5 Features Every Penetration Testing Report Should Contain
By Dr. Rey LeClerc Sveinsson, ERMProtect
Penetration tests (which are also called pen tests, ethical hacking, or white hat attacks) evaluate computer systems for vulnerabilities by simulating cyberattacks. Companies should perform them regularly to ensure their IT infrastructure remains strong and well-protected.
An important deliverable in penetration testing is the final report. Company personnel can use it to systematically identify and fix weak points in their system’s defenses. The penetration testing report provides all the details needed to be able to make meaningful changes to security systems.
When looking for a penetration testing company, it is crucial to find an organization that will give you the most robust and meaningful penetration testing report possible. Typically, a penetration testing report contains the following information:
- Executive Summary
- Scope and Objective
- Details of Penetration Test
- Findings and Recommendations
Penetration Testing Report: Executive Summary
Penetration testing reports typically begin with a high-level summary of the findings. This section provides a concise overview of the test results, ideal for senior management who are looking for actionable takeaways without needing to dig into the entirety of the report.
The summary reveals at a high-level how and where gaps were found. Ideally, they should be explained in way that is easily digestible and accessible to any reader - without deep technical language. The Executive Summary of a penetration testing report should provide clear-cut recommendations for security improvements, covering both short and long-term goals for enhancing security posture.
Penetration Testing Report: Scope and Objective
This section of the report should be pulled from the statement of work, restating the objective and scope of your effort.
The scope is an important parameter that will define whether the test truly meets company expectations. It sets out which elements of IT infrastructure will be targeted and tested. It includes metrics such as the number of systems to be tested, the number of web applications covered, the number of interviews required to complete an audit of your infrastructure, etc.
Penetration Testing Report: Details of the Penetration Test
This section provides the full narrative required to understand the context of how a simulated attack was carried out and how gaps in security were identified. It provides a detailed walkthrough of the pen tester’s engagement, describing each phase of the attack process and how the pen tester went about compromising the system. Here, we see the details of how the pen tester performed the assessment. For example, if the pen tester used social engineering tactics to compromise the system, the report should detail where the pen tester acquired the information they used, e.g., on the company website, through their LinkedIn page, etc.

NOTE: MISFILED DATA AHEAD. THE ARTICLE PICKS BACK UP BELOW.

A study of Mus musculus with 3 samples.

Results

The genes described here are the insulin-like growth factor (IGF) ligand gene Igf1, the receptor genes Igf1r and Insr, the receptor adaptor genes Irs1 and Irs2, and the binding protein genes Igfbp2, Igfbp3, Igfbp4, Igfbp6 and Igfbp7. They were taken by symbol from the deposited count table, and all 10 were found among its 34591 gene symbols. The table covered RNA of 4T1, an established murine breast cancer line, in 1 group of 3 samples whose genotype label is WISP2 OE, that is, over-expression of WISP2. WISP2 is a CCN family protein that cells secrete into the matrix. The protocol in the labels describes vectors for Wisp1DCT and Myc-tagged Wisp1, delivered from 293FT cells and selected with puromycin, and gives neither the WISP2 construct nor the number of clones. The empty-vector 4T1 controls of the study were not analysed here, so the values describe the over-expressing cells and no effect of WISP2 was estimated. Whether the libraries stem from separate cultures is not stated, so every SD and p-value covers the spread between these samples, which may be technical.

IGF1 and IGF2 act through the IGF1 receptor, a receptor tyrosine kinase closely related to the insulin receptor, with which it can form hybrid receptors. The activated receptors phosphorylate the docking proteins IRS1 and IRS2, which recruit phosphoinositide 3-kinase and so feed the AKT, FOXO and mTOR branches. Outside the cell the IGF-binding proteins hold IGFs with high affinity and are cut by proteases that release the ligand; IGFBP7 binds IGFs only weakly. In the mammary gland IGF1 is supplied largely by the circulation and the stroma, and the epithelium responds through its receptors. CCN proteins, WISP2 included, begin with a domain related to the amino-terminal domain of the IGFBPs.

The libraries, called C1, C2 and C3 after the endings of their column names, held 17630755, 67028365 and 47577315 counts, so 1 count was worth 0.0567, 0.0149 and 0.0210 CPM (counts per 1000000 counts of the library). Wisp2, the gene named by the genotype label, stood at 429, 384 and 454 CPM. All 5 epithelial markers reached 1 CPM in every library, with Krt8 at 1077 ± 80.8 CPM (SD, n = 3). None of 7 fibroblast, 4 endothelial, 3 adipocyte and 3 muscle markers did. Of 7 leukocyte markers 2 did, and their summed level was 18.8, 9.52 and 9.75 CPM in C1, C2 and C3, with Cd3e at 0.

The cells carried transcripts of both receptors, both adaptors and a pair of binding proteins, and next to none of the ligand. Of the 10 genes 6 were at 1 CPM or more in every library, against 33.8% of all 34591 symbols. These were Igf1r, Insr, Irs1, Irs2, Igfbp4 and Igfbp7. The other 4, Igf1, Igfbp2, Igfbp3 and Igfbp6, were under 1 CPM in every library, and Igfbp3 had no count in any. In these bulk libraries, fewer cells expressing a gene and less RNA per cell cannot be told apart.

In this segment, the assessor would also share exactly how they got into the system (say, through a series of phishing emails to build rapport and trust before sending a malicious link). This section should detail tools used. (It is easier to reproduce the findings when the organization understands the tools that were used on the original test.)
This section should explain the full nature of the outcome. This may show, for instance, that the pen tester was able to inject simulated malware onto an employee’s computer, packaged in a software update installation. Pen testers should discuss the path they took to acquire login credentials, access data, and take other steps to infiltrate the company.
Penetration Testing Report: Findings and Recommendations for Mitigating Risks
Risk remediation is the most important element of the report. After discussing the details of the attack, the pen tester should identify for each vulnerability the likelihood of a compromise and potential impact.
The remediation steps should be placed in order of importance and relevance so that companies can understand what to work on first. Every risk must be labeled as high, medium, or low in priority — ranked by impact and the risk threshold each falls into.
Penetration Testing Report: References
Finally, the report should include web link resources and references to help an organization quickly identify and understand remediation options.
ERMProtect Conducts Penetration Testing Reports
ERMProtect can help your organization with penetration testing. We have performed thousands of assessments across 35+ industry verticals since our founding in 1998. To learn more, contact us at 305-447-6750 or at [email protected].